On 16th September 2015, the Upper Sixth Biologists traveled to Slapton Ley in Devon for 4 days of fieldwork. The purpose of the week was to learn more about ecology, data collection and statistical tests which will be useful in our A2 examinations. On our arrival at the field centre we were greeted by the site staff who made us feel at home and after a well deserved meal we got on with learning the key ecological terms we would be using throughout our stay.
The next day we ventured out to explore the rocky shore. Luckily, we had lovely sunny weather and stunning views of the Devon coastline. Our aim was to investigate the distribution and abundance of organisms on the rocky shore. We learnt about why the shore was so diverse and about the different microhabitats that could be found there. We used various sampling strategies to collect data which we could then use for statistical tests in the evening. We all enjoyed rock pooling and found lots of crabs, starfish and sea anemones. After an uphill walk back to the bus, the group were able to enjoy a well deserved ice cream!
We were next off to the ancient woods which the Slapton research centre had responsible for conserving, and a stream found there was to be used for data collection purposes. We were investigating the different freshwater invertebrates we could find in the microhabitats pools and riffles. A pool is a deeper and much slower flowing part of the stream where there is more detritus found in the water, potential for more invertebrates, whereas the riffle was faster flowing water usually with a rocky stream bed. We used random and stratified sampling methods to make sure there was no bias in our investigation. It was incredible the sheer number of organisms we found in the barest of places. We found a range of species from flatworms, a slow moving sluggish organism, to the Cased Caddis Fly Larva, which builds a perfectly cylindrical case out of tiny rocks and debris. We clambered back up another steep hill with our data and spent the early evening learning more statistical tests which helped us tremendously when back at the labs in school in the following week.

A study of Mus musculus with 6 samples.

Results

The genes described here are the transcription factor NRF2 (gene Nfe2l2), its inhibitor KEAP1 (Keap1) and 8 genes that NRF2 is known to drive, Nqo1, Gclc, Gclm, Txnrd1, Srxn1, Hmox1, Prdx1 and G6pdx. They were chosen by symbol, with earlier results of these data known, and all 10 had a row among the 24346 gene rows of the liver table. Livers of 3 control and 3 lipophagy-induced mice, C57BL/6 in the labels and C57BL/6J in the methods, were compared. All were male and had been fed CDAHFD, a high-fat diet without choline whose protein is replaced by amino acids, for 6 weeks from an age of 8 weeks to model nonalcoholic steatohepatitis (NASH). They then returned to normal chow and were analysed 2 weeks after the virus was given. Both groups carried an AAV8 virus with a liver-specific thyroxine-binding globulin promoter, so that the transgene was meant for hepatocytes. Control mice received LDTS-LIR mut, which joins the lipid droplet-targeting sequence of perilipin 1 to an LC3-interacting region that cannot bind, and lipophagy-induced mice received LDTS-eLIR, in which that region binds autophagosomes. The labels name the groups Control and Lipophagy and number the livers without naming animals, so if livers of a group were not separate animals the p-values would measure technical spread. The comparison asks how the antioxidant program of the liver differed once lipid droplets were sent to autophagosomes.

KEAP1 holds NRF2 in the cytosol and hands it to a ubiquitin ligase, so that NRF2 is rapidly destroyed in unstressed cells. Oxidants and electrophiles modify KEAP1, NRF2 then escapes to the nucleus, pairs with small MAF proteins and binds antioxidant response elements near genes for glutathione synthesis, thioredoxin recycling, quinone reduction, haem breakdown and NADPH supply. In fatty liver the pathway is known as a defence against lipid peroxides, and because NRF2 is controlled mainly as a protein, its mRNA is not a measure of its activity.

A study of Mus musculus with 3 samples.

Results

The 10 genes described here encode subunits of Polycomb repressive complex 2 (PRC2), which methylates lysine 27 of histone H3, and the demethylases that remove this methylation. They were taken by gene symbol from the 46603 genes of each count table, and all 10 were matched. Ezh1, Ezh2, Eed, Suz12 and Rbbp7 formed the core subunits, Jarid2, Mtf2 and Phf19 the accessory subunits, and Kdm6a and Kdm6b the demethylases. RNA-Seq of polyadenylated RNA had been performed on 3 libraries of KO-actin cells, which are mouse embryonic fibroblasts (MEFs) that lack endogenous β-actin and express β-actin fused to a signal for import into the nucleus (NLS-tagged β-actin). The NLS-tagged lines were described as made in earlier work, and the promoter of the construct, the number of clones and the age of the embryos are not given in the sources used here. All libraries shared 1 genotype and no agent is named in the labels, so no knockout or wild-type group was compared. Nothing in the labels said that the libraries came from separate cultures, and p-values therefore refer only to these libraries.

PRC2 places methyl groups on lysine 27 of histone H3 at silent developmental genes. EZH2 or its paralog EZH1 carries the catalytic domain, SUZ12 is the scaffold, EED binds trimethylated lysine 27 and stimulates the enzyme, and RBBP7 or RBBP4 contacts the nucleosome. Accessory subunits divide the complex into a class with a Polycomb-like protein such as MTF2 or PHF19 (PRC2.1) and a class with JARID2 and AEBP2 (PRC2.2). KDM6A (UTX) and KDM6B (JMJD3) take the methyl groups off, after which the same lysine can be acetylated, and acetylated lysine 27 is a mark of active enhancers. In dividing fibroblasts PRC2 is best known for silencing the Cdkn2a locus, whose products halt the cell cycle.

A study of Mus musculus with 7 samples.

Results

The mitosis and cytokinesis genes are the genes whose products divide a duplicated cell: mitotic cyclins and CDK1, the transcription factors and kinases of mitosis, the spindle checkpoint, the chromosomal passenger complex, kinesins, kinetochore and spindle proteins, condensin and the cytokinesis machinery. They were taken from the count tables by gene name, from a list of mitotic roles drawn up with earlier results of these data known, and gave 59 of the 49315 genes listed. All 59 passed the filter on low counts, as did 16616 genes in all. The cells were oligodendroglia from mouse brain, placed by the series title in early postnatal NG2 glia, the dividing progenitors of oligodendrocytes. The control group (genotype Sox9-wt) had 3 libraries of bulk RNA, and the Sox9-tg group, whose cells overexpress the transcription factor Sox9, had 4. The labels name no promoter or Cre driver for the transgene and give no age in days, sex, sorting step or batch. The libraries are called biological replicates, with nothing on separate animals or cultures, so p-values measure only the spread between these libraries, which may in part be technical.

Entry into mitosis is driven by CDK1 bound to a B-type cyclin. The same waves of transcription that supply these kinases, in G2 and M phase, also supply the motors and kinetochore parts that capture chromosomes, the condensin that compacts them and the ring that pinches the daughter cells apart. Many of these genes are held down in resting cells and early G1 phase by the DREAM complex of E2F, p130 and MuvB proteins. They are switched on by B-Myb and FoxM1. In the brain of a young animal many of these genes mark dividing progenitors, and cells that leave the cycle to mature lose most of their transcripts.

Alas, it was our last day and we made the best of the sunshine by going to the beach! As we walked down to the beach we were given informative talks on conservation methods that were used in the wet meadow and the tales of the illusive Large Blue Butterfly which went extinct in the 1970s. We also watched wildlife on the nearby Ley. Once at our destination, we began looking for signs of succession. We went right down to the shingle ridge and worked our way up the shore, across the road and right up close to the Ley. We recorded factors which would have affected the different plants we recorded in our table and we noted that the harsher the conditions, the fewer plants we saw.
Once our trip to the beach was over and sufficient data had been collected, we sadly gathered all our equipment and headed home. The first hand experience we gained on the trip will be invaluable in our exams and the thorough analysis using biological statistical testing methods was great. We’ll also never forget the wonderful and compassionate staff there who made it such a great trip.